Term Frequency

Term frequency (TF) is used in connection with information retrieval and shows how frequently an expression (term, word) occurs in a document.

Term frequency indicates the significance of a particular term within the overall document. This value is often mentioned in the context of inverse document frequency IDF. The term frequency value is consulted, among other things, for the calculation of Keyword Density.


If one considers term frequency in isolation, it is not conclusive with regard to the relevance of a document to a specific keyword. This is because term frequency is exclusively based on the nominal frequency of the keyword. The following example illustrates this:

In a long text about the construction of a house consisting of 3,000 words, the term “wall paint” appears five times. A painting company explains the most important types of colors and uses the word “wall paint” only twice on their website in a text of 500 words, because they use synonyms and color types in the copy. If you were to rely solely on term frequency for the assessment of topic relevance, the long text would seem more relevant than the short text since the keyword appeared five times, although it is definitely not applicable due to the content. Therefore, term frequency can only be used as a component of other evaluation criteria, for example, keyword density.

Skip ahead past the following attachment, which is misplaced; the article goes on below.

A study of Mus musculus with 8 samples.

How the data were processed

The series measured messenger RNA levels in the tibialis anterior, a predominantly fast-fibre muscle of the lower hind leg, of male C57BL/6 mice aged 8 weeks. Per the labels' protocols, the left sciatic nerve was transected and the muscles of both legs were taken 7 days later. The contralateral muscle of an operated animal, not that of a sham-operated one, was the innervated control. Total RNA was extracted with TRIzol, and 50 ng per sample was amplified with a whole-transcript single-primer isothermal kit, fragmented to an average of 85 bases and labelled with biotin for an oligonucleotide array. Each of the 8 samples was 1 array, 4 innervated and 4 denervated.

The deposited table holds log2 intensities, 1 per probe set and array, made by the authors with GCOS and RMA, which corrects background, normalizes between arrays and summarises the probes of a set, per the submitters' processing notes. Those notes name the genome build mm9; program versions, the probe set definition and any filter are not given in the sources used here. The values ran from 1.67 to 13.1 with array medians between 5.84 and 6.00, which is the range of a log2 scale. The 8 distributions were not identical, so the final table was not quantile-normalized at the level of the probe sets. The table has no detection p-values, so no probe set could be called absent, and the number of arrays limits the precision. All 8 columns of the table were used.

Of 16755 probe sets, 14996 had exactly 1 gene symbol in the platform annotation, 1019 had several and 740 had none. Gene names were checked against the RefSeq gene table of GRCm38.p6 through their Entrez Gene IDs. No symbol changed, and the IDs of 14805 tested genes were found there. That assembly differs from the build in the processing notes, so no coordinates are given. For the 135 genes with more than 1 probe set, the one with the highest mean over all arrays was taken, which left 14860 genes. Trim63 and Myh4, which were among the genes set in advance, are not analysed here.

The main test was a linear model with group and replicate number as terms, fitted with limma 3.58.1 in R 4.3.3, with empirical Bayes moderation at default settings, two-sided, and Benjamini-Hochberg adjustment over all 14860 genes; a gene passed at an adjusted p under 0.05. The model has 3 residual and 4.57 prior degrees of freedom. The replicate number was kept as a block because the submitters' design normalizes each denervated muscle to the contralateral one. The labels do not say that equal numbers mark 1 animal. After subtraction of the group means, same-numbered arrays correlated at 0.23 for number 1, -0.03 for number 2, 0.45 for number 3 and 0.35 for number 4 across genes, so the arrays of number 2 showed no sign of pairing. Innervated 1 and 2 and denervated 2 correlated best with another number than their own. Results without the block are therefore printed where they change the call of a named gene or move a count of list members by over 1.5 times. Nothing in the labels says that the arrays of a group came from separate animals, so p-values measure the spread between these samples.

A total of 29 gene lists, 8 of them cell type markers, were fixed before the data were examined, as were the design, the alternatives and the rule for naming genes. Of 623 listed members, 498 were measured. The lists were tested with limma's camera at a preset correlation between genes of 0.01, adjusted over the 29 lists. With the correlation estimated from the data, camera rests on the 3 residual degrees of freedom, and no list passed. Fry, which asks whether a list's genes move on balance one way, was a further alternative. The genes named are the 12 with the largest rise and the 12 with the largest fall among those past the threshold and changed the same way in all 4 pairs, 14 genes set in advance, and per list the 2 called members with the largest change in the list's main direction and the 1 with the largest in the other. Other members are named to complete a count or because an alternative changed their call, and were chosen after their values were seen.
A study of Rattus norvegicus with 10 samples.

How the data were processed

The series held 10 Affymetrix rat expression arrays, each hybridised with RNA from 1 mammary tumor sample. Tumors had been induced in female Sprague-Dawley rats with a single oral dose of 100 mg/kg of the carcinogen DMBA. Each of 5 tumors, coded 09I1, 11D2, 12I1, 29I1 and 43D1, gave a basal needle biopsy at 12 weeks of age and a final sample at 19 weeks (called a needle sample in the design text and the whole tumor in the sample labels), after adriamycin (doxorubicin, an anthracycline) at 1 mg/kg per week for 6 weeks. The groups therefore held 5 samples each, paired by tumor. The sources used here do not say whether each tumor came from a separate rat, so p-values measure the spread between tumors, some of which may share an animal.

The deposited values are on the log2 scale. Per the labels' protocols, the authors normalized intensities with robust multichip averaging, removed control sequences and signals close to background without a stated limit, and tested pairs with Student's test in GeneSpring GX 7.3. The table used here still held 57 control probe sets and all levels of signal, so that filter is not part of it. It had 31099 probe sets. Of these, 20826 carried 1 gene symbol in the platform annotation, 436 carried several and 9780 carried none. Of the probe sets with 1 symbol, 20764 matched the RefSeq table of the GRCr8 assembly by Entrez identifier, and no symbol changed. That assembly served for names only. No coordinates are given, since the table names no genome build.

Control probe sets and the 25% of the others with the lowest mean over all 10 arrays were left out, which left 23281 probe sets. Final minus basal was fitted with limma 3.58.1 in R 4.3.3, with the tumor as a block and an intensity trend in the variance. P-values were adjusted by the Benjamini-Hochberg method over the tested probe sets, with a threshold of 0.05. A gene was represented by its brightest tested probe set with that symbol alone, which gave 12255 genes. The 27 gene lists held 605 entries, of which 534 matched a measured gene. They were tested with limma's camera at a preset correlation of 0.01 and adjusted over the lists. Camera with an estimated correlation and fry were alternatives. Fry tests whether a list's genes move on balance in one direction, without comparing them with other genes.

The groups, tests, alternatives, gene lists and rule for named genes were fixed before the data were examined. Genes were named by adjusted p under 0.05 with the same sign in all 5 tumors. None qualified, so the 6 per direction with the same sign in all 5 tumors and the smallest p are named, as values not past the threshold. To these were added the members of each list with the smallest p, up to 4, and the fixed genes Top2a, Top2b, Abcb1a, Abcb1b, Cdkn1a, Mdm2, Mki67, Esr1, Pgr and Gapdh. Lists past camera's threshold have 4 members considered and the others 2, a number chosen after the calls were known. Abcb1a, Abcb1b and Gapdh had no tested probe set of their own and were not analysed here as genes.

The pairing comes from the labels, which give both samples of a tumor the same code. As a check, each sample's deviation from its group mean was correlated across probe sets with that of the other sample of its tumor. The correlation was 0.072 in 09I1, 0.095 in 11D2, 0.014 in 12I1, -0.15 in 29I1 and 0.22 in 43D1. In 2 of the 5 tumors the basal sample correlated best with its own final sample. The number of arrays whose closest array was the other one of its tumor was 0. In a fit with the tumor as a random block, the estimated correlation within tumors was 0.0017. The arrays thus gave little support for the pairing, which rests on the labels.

Expanded application as keyword density

Term frequency can be informative when it is set in relation to text length. This will give you keyword density. For this purpose, the following formula is used:

Keyword density = term frequency / total word number x 100

For the above example, the following keyword weights would result:

  • Text 1: 5 / 3,000 x 100 = 0.17 percent
  • Text 2: 2/500 x 100 = 0.4 percent

This shows a higher relevance of the second document, since the keyword has a larger relative frequency than text 1.

Term frequency as part of WDF*IDF

The WDF*IDF formula for the optimization of texts also uses term frequency. The frequency of a keyword is viewed in relation to the document length. At the same time, logarithms ensure that too frequently occurring terms are not weighted too heavily. Moreover, words that are very common in the language (such as conjunctions, prepositions, articles) are weighted lower.

Relevance to search engine optimization

The Google search engine uses a special algorithm for automatic indexing of web documents. It is kept secret. Experts try to decipher this algorithm through a mathematical approach in order to understand the process of indexing. It is assumed that search engines incorporate mathematical values like term frequency (TF) or within-document-frequency (WDF) in the evaluation of the content of a website. It is advisable to determine these values for your own web documents (pages) in order to present a content-relevant webpage to the search engines.